We writing on behalf of Lake Ontario Waterkeeper, Fraser Riverkeeper and Ottawa
Riverkeeper regarding Health Canada's draft Guidelines for Canadian Recreational
Water Quality, Third Edition prepared by the Federal-Provincial-Territorial Working
Group on Recreational Water Quality of the Federal-Provincial-Territorial Committee on
Health and the Environment and dated September 2009.
We are independent, federally registered charitable organizations that work to restore
and protect swimmable, drinkable, fishable water for every community in our
watersheds. Over the years, we have had many opportunities to observe, monitor, and
offer advice regarding water quality and beach postings in our communities. We have
also reviewed the document for public comment in its entirety. Our comments and
recommendations below are based on this experience.
We commend the Working Group and the Committee for their study of recreational
water use in Canada. Interacting with the water is an important, culturally and socially
significant activity for many Canadians and for many visitors to our country. Staff at
Lake Ontario Waterkeeper and/or Ottawa Riverkeeper would be very pleased to meet
with you to discuss our recommendations in detail and to discuss alternatives to the
area of the document that poses the greatest threat to water quality and the health of
our communities: the "guidelines" described in Section 4.2 for secondary recreational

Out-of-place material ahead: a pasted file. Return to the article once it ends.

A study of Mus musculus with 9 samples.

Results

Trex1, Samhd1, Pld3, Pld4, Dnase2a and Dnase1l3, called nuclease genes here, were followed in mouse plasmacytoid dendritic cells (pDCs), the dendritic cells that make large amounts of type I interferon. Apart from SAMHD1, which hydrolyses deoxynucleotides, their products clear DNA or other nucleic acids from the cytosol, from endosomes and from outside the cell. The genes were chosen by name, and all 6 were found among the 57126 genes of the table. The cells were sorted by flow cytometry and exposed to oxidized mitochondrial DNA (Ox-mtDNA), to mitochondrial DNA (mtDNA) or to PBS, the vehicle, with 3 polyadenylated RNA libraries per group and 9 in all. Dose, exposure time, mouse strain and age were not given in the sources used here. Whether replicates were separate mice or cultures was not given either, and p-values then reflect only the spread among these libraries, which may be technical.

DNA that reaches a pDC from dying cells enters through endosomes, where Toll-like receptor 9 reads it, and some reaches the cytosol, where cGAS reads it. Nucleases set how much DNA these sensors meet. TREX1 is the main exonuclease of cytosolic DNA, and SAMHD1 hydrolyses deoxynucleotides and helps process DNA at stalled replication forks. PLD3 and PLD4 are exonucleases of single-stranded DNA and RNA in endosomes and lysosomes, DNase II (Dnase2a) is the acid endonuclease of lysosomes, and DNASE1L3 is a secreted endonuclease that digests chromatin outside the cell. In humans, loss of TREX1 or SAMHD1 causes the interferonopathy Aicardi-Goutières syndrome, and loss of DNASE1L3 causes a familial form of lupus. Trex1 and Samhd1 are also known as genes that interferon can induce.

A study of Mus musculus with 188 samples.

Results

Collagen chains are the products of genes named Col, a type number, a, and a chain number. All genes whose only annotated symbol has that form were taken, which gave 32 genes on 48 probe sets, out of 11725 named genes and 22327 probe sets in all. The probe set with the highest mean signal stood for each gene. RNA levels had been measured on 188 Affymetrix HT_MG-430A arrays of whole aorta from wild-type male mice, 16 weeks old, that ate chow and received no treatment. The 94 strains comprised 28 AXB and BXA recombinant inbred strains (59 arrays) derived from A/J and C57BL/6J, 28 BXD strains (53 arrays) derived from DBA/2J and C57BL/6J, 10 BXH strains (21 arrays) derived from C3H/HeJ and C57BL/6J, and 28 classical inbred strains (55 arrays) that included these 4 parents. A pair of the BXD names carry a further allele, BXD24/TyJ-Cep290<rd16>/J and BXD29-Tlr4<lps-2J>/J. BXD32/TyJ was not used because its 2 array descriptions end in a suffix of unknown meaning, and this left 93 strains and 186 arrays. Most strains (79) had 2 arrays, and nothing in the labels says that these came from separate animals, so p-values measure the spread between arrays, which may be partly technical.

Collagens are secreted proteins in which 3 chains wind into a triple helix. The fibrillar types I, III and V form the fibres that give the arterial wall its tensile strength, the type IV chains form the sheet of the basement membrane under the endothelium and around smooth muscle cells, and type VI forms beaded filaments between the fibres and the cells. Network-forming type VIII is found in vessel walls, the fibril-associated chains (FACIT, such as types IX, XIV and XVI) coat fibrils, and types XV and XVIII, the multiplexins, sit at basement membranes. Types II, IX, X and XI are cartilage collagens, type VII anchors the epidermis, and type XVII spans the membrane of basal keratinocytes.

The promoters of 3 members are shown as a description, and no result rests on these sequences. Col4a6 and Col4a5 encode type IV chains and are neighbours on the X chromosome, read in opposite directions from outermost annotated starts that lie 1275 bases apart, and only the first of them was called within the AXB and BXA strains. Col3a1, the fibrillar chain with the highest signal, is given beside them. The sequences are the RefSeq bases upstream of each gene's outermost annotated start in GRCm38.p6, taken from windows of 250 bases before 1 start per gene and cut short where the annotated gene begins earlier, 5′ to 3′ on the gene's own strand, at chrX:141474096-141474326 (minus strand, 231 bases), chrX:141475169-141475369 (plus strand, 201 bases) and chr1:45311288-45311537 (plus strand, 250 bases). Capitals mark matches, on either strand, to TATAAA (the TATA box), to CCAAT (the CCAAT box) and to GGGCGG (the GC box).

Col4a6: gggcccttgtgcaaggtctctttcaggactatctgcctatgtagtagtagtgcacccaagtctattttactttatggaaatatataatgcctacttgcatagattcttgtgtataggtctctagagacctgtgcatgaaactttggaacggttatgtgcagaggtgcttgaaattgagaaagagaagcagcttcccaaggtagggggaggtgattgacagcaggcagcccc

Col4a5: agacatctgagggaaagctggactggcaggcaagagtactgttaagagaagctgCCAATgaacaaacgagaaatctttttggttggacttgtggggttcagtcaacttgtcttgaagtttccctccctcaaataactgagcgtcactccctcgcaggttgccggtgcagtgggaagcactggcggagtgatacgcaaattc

contact. In our view, this section of the document is seriously flawed and requires
Four recommendations are made to the working group:
Recommendation #1: Compare the proposed guidelines to guidelines established for the potection of human health and the natural environment - such as Ontario's Provincial Water Quality Objectives. Where stricter standards are required to protect both, stricter standards should be used. Speciﬁcally, recommendations for E. coli in freshwater should be no higher than 100 cfu/100 mL, Ontario's water quality objective that protects both human and aquatic life.
Recommendation #2: Where chronic poor water quality conditions are found, surveys should be completed to identify the source of the contamination. Actions should be taken by the appropriate federal, provincial or territorial government to address the contamination and/or enforce the applicable environmental legislation. The entire process should be transparent to the public.
Recommendation #3: Lower the risk to the public by employing an already accepted, stricter standard for E. coli: 100 cfu/100 mL. If the Committee is unwilling to adopt this standard, all signage or materials informing the public that an area is "suitable" for recreational contact should contain a qualiﬁer to the effect that there is a statistical likelihood that some individuals may still experience health effects as a result of low levels of pollution in the environment.
Recommendation #4: The entire section regarding "secondary contact recreational activities" should be removed from the document. Failing that, the limit should be the same as the primary contact standard until a science-based, defensible alternative can be proposed.
Read the full submission in PDF form here.